Our immersion Blender performance TestFrozen Fruit Smoothie

Updated

Not all users want icy blends from their immersion blender; some stick to fresh fruit smoothies for their higher nutritional value and sweeter flavor. However, we decided this test was worthwhile because any machine that can blend fiber and solid ingredients won’t have any trouble making other fruity drinks.

Frozen Fruit Smoothie

Why The Test Matters

Our smoothie consisted of kale, frozen mango, frozen pineapple, and whole ice cubes. Since most immersion blenders have trouble with leafy greens and solid ingredients, this recipe gave us a clearer picture of each blender’s effectiveness. Our results will give you an idea how long the job should take, how easy the machine is to use, and how smooth the resulting drink can be. 

Initially, we planned on incorporating milk into our recipe because it would help promote smoother operation. However, we soon realized using liquid might mask some important differences between blenders. It would prevent us from sniffing out problems that crop up under heavy-duty use. 

Testing Recipe: 1 Serving 

  • 3 oz kale
  • 4 oz frozen mango
  • 4 oz frozen pineapple
  • 8 ice cubes

Testing Procedure

Our smoothies were blended in a 24-oz beaker. To ensure equal comparisons, we always added the ingredients in the following order: ice cubes, fruits, and kale. 

We began by running the blender at its lowest speed and then gradually increased to its highest speed. Note that it’s important to move the blending wand around, including up and down, to achieve the best consistency. 

As recommended by our chef, we stopped blending after the first 30 seconds and used a spoon to check the smoothie’s consistency. If the drink was still grainy or leafy at that point, we continued blending until we got the best possible texture. Sometimes this required a little downtime to keep the motor from overheating.

Note: Before beginning the test, we checked the user manual for any instructions about using the blender to crush frozen fruit and ice cubes. In the case of the Muller Ultra-Stick, the manual specifically said not to try this sort of blend. We thus skipped the test and considered that blender to have failed it. We awarded the Muller zero points in this category.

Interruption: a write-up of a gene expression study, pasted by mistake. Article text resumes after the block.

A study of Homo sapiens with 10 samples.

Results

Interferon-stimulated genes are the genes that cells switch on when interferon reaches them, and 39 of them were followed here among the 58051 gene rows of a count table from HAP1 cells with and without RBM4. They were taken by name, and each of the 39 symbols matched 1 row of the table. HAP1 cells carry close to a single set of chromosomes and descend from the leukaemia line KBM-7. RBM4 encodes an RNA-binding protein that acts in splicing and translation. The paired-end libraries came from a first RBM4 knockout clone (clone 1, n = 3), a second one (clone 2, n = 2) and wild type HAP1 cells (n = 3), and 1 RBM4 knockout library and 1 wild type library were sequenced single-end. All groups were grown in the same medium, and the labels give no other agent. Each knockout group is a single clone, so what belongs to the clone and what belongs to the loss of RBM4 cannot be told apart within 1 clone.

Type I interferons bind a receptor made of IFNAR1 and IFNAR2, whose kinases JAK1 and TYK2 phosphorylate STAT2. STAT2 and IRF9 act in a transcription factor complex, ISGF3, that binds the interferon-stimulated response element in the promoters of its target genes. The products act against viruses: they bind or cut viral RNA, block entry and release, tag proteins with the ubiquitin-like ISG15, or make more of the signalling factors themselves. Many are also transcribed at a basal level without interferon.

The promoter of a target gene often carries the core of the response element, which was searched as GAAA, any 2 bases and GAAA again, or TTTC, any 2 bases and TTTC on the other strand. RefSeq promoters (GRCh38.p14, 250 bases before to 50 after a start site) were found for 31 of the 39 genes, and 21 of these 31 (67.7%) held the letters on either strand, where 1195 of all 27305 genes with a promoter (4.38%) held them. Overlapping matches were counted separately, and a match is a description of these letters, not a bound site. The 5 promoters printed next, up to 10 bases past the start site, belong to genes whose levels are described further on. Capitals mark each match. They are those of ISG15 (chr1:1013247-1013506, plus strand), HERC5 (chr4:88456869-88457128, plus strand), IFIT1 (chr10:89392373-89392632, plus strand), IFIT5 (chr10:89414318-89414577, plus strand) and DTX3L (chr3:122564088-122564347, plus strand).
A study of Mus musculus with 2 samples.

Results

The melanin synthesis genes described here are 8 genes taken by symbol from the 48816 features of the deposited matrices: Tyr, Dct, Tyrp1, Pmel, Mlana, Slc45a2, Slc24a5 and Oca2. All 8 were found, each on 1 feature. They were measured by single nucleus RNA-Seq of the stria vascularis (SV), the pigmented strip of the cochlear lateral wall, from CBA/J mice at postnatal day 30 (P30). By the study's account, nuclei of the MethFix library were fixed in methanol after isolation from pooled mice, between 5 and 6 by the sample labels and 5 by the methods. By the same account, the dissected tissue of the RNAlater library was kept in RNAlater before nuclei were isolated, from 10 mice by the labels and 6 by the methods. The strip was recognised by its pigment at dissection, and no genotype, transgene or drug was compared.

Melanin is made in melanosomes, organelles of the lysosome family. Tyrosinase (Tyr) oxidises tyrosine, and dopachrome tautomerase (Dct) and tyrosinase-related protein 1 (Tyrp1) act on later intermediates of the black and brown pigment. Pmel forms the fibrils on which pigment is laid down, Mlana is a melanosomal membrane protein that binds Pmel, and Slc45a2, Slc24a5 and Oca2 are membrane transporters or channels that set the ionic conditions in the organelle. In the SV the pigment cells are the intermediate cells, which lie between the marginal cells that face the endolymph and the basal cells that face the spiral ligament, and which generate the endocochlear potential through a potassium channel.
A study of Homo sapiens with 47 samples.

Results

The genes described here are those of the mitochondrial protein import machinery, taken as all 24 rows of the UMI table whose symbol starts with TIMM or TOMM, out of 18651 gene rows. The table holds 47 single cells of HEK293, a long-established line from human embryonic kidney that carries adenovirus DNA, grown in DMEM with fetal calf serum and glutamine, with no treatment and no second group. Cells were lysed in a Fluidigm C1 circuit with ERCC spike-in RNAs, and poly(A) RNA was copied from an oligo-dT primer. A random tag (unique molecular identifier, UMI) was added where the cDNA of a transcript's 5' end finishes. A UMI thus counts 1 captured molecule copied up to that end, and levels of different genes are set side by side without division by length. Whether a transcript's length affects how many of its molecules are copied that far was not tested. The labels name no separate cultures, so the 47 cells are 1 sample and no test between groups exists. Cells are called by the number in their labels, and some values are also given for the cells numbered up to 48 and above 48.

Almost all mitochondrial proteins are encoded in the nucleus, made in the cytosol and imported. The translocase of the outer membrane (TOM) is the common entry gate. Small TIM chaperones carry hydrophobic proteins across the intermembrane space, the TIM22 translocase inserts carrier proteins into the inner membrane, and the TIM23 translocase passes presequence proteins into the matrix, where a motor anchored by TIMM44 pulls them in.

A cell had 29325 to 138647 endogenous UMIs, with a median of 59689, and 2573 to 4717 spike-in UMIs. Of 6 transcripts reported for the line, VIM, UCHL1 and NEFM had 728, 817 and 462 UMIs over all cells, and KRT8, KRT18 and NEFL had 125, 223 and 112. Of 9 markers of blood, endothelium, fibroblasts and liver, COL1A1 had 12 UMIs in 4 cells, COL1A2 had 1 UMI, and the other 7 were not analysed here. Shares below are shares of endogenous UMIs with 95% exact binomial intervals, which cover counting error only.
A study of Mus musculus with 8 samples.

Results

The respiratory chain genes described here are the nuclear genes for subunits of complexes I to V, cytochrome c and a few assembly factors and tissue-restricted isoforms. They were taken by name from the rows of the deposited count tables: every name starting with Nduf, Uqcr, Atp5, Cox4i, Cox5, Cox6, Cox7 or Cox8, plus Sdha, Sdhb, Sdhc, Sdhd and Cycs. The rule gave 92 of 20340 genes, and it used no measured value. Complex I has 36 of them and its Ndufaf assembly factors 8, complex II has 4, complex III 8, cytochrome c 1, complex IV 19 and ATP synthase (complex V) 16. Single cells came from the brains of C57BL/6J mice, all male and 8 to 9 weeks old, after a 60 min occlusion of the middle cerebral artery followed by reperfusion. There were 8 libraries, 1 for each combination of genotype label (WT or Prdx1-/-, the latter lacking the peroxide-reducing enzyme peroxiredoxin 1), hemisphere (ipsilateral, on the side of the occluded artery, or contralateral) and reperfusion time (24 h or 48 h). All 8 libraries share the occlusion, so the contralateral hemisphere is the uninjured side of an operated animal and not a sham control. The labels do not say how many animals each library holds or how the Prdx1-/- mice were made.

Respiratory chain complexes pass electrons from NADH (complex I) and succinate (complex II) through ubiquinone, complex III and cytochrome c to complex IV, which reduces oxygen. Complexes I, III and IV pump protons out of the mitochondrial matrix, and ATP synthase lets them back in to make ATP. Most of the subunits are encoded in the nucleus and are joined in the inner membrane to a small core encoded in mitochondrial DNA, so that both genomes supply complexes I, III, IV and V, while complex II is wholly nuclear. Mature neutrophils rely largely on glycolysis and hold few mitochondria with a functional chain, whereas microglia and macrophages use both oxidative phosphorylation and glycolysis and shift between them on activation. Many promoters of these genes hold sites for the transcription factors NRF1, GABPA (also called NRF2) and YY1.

Scoring Scale

We rated each blender’s performance on a 0-10 scale. The score was the average of two equally-weighted section scores: blending time and blended result. 

Blending Time Score 

The blending time score was calculated based on how long each blender took to yield a serving of smoothie. We allowed each blender up to three minutes worth of runtime. The test ended either when we hit that time limit or when the smoothie had reached the perfect consistency. Any blender that couldn’t reach the right consistency within 3 minutes would fail the test.  

Here’s how our scoring breakdown was designed:  

Scoring Breakdown

  • 120 seconds or less: Not every immersion blender can handle the tough job of breaking down solid ingredients in a short amount of time. A good machine usually demands 90-120 seconds to yield a smooth texture. That's why we gave full marks to any blender that passed the test in under 2 minutes.
  • 121 - 135 seconds: 9 points
  • 136 - 150 seconds: 8 points
  • 151 - 165 seconds: 7 points 
  • 166 - 180 seconds: 6 points

Note

Most immersion blenders can only run for a limited amount of time before needing to cool down. Such models usually demand a break every 50-60 seconds to protect their inner components from damage. The cool-down time is not included in the total blending time score but does affect the overall ease-of-use score. 

Blended Result Score 

The blended result score is calculated out of 10 points based on one key evaluation criteria: texture. Once the blender finished blending, we stirred the smoothie using a spoon to check the smoothness and then awarded points accordingly. The results always fell into one of five textures: smooth, slightly chunky, chunky, lumpy and leafy, or lumpy and icy. 

Note: The smoothies' flavor wasn’t factored into the score. Each test used the same recipe so they should taste roughly the same. 

Score Breakdown

  • Velvety: We awarded 9.5 - 10 points for smoothies with a superior silky texture — the ones with no unprocessed food remaining. 
  • Smooth: These smoothies blended evenly but still bore a few tiny fruit chunks. We awarded them 8 - 9 points
  • Slightly coarse: The blender didn't fully liquefy the ingredients, causing its smoothie to look grainy or lumpy. We awarded it 7 - 7-5 points in this case.
  • Chunky and/or Leafy: If the blender ended up with large chunks of unprocessed fruits and/or kale, we gave it no more than 7 points, depending on the shape, size, and amount of chunks.